Does the world have a "carrying capacity"?
Throughout human history the growth of the overall population has been significantly small however in more recent times this has changed - Does the world have a "carrying capacity"? introduction. The population has grown from around three billion to over 6.4 billion in the last 40 years.
When examining the statement “Does the work have a carrying capacity” there are three view points: The optimist, the pessimist and the realist.
“…the population is increasing at an exponential rate…while the limited amount of land available will mean that food supply can only increase at an arithmetic rate… ”
Therefore we can deduce that there will eventually be a point where population growth will outstrip food supply and we will be unable to grow enough food to feed the population. However at this point famine will set in and the population should drop significantly. This is the idea that Malthus suggested would eventually stop the population from significantly outstripping food supply: natural checks. Events such as wars, famine and disease as well as people’s moral restraint (later marriages and abstinence from sex) would all work toward reducing the population.
However relying on such events to occur and people to avoid having sex is too risquï¿½ and is obviously not totally true as, especially in LEDC’s, wars and disease are likely to encourage couples to have more children to increase the likelihood of one surviving hence a greater crude birth rate.
A rather more gloomy theory was put forward by the Club of Rome who released a report entitled ‘Limits to Growth’. In it they stated:
“If present day trends continue…the limits to growth…will be reached in the next one hundred years”.
They came to this conclusion as they realised that the population growth is outstripping food supply meaning less food per capita plus there is also greater resource depletion. This means that growth, industrialisation, pollution, food production and resource depletion can not continue at the present rate otherwise there will be mass famine of unbelievable proportions. This ‘doomsday’ prediction has not proved accurate, fortunately, as they failed to take into account the technological advances in food growth techniques and the subsequent rise in output and well as the ability to replace fossil energy source with renewable energy sources.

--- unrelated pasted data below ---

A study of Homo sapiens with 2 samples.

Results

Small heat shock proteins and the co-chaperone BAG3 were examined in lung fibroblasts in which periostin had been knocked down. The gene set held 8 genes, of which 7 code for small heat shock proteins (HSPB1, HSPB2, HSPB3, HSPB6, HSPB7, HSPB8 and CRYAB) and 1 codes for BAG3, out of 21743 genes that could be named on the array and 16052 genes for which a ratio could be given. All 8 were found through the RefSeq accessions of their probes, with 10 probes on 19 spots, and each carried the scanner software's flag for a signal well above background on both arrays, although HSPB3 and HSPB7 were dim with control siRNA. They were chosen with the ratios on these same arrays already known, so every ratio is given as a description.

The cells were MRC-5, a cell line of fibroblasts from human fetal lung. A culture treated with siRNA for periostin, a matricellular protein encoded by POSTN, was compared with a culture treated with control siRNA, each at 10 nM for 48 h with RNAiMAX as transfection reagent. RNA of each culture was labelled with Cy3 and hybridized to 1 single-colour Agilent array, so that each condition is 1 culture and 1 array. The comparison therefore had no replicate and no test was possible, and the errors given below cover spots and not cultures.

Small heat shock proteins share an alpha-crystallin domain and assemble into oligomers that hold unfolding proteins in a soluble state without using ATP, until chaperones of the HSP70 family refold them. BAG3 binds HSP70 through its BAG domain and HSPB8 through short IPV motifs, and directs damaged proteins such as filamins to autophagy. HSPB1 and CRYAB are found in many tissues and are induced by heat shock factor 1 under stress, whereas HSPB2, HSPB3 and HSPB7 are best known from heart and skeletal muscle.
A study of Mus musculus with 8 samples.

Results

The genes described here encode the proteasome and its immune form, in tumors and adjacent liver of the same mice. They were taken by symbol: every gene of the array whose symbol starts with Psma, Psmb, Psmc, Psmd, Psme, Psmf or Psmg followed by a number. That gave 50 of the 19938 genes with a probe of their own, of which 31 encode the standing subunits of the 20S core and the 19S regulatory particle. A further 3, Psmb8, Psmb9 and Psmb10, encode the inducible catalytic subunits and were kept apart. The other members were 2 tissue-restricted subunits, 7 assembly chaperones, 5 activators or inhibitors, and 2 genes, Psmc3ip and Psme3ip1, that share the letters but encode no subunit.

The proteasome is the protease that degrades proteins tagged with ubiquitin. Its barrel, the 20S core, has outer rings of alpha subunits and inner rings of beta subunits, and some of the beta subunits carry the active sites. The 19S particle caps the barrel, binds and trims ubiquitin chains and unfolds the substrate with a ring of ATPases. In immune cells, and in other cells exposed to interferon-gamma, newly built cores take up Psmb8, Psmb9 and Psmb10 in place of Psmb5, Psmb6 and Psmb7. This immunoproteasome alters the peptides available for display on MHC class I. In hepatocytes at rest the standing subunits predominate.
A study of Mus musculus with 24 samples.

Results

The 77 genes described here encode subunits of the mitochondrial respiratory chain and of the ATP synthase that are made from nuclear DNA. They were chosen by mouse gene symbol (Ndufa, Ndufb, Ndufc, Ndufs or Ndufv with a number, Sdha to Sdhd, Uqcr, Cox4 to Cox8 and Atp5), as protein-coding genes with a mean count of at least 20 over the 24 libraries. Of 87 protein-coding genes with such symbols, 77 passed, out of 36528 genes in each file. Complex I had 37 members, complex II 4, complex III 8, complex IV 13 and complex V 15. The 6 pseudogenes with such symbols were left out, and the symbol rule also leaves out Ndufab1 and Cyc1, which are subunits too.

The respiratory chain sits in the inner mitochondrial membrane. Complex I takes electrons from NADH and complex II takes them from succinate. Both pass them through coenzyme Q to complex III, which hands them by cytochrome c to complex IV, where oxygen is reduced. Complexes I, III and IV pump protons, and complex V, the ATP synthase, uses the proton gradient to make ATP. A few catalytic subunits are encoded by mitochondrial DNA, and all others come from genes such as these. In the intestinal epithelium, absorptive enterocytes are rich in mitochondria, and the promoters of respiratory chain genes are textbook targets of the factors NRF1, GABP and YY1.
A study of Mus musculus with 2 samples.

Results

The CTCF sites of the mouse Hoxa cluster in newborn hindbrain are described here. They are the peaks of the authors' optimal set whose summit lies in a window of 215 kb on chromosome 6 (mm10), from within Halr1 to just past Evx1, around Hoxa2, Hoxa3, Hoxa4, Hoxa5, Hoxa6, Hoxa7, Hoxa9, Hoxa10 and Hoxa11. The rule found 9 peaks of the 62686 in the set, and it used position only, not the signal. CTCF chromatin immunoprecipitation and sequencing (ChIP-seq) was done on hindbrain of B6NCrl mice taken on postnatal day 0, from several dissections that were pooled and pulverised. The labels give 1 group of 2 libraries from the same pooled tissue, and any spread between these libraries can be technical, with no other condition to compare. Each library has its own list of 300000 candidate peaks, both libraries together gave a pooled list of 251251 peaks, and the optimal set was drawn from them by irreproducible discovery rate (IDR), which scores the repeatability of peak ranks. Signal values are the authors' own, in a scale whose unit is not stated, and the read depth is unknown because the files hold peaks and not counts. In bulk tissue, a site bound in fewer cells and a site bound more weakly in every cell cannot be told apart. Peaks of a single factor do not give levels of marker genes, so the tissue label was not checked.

Opponents of these less-than-pleasing views suggested that resources are not a fixed quantity but are infact discovered, invented and created by humans. The best known of these is (Ester) Boserup who published ‘The Conditions of Agricultural Growth’ which stated:
“…population pressure is a stimulus for an improvement in agricultural techniques leading to more food being produced.”
This theory lies predominately with the assumption that human ingenuity will lead to finding new and/or improved ways to produce a greater yield of food coupled with an increased ability to distribute this food. How ever the latter point leads to problems of whether countries can afford to import food and/or, in the case of LEDC’s, be able to economically survive without exporting more food than is required to feed the population.
However, none of these theories encompass the whole range of possibilities. There may be more (or less) natural disasters in the future. Present data suggests a continual rise over time however the data does consider whether this rise is due to the occurrence of more disasters or just improvements in our abilities to report and record these disasters. Either way natural disasters can have devastating effects on the population growth.
Also we may find cures for diseases meaning that eventually diseases such as Aids maybe wiped out for good meaning there will be a decrease in the crude death rate. Plus with the advent of contraception and the education of the consequences of unprotected sex the birth rate may eventually go down leading to an overall levelling out of the crude birth and deaths rates to a similar amount.
Religion can also play a major role. Most war’s fought are usually about or connected to religion – people dying for what they believe in – and should this continue there will always be such natural population checks which will push the crude death rate up. And this shall always continue as everyone has beliefs and will always go about trying to get people to believe their point of view over others; even if they have to use force.
Resources also play a part in the capacity of the world. Things such as coal, oil and gas have formed over millions of years and as these run out, hence recycling efforts, they become more valuable and sought after; subsequently wars are fought over resources. However, even though these resources are running out it is in our nature to be ‘iron fist’ consumerists, we will continue to use these resources in a progressively greater manner pushing the demand for certain ‘base’ products higher and higher leading to conflict. The fact that they are also unevenly distributed means people are willing to fight each other for access to these resources leading to a increase in crude death rate.
In hindsight there is no right or real answer however one thing is certain. The population is rising exponentially and the there is only so much land that we can inhabit and so many resources we can use so unless something is done soon the world’s capacity will be continue to be put at an even greater strain.